The Humility of Jerusalem


Moshe thought that his sons would inherit him in his place and take his position… The Holy One Blessed be He responded: “Moshe! It is not as you think. Your sons will not inherit you. You know that Yehoshua served you well and gave you honor and he would wake up early and stay late in the Beit Midrash to order the benches and to spread out the mats. He will take your position.”

It was in the merit of Yehoshua’s organizing of the Bet Midrash that he merited the leadership.

At first glance, this is a surprising midrash. Granted, organizing the benches demonstrates dedication and piety. But are these really the most important traits for a leader? Should we not look for spiritual charisma, public speaking abilities and other such classical leadership traits? In fact, Yehoshua does not seem to possess these traits as Moshe felt the need to pray that Yehohua not be swayed by the counsel of the other spies. It seems that Moshe knew that his prize student was more of a follower than an independently minded leader.

Perhaps we see from here that the single most prized character trait for a Jewish leader is humility. The leader needs to focus on others as opposed to on himself. In the words of the Ketav Sofer, a leader needs to be as a shepherd who it motivated by genuine concern for the sheep as opposed to the bottom line financial and social standing of himself. The people are not a means towards the aggrandizement of the leader but the end in and of themselves.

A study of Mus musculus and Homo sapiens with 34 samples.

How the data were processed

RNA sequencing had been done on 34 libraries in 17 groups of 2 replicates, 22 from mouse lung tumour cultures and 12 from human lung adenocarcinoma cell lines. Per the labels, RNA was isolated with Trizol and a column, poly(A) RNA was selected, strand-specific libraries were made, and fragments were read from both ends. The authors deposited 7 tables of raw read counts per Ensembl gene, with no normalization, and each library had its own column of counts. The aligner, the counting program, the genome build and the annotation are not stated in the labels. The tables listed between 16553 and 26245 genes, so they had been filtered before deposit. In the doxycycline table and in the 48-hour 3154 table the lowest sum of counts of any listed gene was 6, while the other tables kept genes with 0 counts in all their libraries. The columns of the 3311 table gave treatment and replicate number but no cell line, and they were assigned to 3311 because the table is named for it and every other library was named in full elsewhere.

Therefore, God chose Yehoshua, who was humbly dedicated towards other as the leader. Of course, God and Moshe needed to give Yehoshua encouragement and strength to make sure that this humility and concern for others does not translate into weak leadership in which he is swayed by the whims of the people. Nonetheless, the fundamental quality of the leader is humility towards oneself and care and concern for others.

How are Jewish leaders supposed to keep this perspective in mind? The history of politics has taught us that power often eventually gets to even the head of a good leader and is a corrupting force? One strategy that the Torah develops is to place the ultimate leader – the king – in Yerushalayim. The political capital of the Jewish people is also the home of God. When the king wakes up in the morning in his glorious palace and might begin to think highly of himself, he can look out the window and see the Beit HaMikdash sitting upon the mountain. This will remind him that his position is not about his own glory but about serving God’s people.

This idea can be seen in a verse in Yechzekel, describing the ultimate King Mashiach: “My servant Dovid shall be king over them; there shall be one shepherd for them all.” On the one hand, Dovid is the king. On the other hand, he is primarily described as a servant – humble and not self-centered. It is fitting that the chapter ends with a reference to God’s home in Yerushalayim: “And the nations shall know that I am the Lord, Who sanctifies Israel, when My Sanctuary is in their midst forever.”